The development of cervical cancer has been linked with injuries to the cervix. Human papillomavirus (HPV) types 16 and 18 account for nearly 70% of all cases of cervical cancer. Deoxyribonucleic acid (DNA) testing is used to identify HPV types 16 and 18. The rate of cervical cancer is expected to decrease due to the increased use of HPV vaccines.
During the early stages of cervical cancer, spotting may occur in between normal menstrual periods. As the tumor enlarges while the disease progresses, intermenstrual bleeding becomes heavier and more frequent.
As cervical cancer progresses, leukorrhea occurs. Initially, the vaginal discharge is thin and watery. Advanced stages of cervical cancer may progress to dark and foul-smelling discharge that indicates infection.
Pain is a late symptom of cervical cancer. As the tumor enlarges, it may press against nerves and initiate a pain response. Other symptoms of advanced cervical cancer include weight loss and anemia. The individual diagnosed with advanced cervical cancer may also develop cachexia, or wasting syndrome characterized by muscle atrophy, fatigue, and weakness.
An abnormal Pap test requires further follow-up to determine the presence of cervical cancer. If minor cervical changes are detected, the woman should have a follow-up Pap test in 4-6 months for 2 years since a large percentage of women experience a spontaneous return to normalcy. If more prominent changes are found, additional diagnostic procedures such as colposcopy and biopsy are performed. A colposcopy helps detect epithelial abnormalities and suggests areas for biopsies collected for pathologic evaluation. Previously found high grade lesions suggests advanced stages of cervical cancer.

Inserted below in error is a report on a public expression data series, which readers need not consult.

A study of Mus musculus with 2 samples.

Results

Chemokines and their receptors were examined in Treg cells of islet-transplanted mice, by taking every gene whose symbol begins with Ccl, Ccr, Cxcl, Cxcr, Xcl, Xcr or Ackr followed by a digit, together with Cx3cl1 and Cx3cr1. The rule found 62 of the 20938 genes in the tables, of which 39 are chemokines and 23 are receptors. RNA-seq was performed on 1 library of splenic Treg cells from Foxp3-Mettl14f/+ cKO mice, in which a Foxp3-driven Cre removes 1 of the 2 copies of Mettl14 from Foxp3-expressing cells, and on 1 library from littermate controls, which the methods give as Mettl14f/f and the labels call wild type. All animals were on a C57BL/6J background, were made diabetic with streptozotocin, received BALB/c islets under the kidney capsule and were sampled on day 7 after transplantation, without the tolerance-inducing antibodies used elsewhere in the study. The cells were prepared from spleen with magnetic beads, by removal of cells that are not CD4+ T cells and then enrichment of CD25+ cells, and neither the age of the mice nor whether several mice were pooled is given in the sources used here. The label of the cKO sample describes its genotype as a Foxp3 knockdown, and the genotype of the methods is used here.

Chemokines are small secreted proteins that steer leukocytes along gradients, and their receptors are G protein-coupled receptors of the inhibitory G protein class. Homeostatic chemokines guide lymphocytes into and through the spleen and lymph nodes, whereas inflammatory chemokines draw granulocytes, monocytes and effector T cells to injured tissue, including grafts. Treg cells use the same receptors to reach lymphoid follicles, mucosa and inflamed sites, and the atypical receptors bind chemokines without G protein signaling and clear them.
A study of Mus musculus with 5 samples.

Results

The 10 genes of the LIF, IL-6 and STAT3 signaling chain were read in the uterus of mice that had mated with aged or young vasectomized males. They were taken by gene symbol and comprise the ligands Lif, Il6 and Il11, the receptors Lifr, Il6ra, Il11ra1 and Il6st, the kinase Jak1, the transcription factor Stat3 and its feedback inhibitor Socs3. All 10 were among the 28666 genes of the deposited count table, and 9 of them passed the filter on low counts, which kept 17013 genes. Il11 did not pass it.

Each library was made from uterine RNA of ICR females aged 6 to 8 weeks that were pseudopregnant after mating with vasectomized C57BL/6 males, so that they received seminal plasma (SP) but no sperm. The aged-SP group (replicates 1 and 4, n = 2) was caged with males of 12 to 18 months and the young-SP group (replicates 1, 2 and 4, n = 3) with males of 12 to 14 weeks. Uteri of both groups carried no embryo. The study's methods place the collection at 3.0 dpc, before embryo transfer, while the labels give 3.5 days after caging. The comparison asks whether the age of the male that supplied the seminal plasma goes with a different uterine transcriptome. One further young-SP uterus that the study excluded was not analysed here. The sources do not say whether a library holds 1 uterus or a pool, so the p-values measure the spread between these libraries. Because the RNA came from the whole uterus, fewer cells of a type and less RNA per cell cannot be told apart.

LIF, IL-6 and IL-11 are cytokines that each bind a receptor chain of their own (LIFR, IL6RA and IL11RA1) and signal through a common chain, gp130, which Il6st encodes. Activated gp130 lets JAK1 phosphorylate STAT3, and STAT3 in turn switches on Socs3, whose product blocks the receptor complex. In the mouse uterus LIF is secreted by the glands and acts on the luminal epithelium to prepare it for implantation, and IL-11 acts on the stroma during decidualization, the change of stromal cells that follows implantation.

Precancerous changes related to cervical cancer may be asymptomatic. Due to a lack of noticeable symptoms, routine screening is critical for early detection of cervical cancer. As the cancer progresses, symptoms such as leukorrhea and intermenstrual bleeding become evident.
Cervical cancer is associated with HPV 16 and 18. HPV vaccines, such as Gardasil or Cevarix, protect against genital warts and cervical cancer. Beginning at age 11, the vaccine is administered in both males and females prior to starting sexual activity.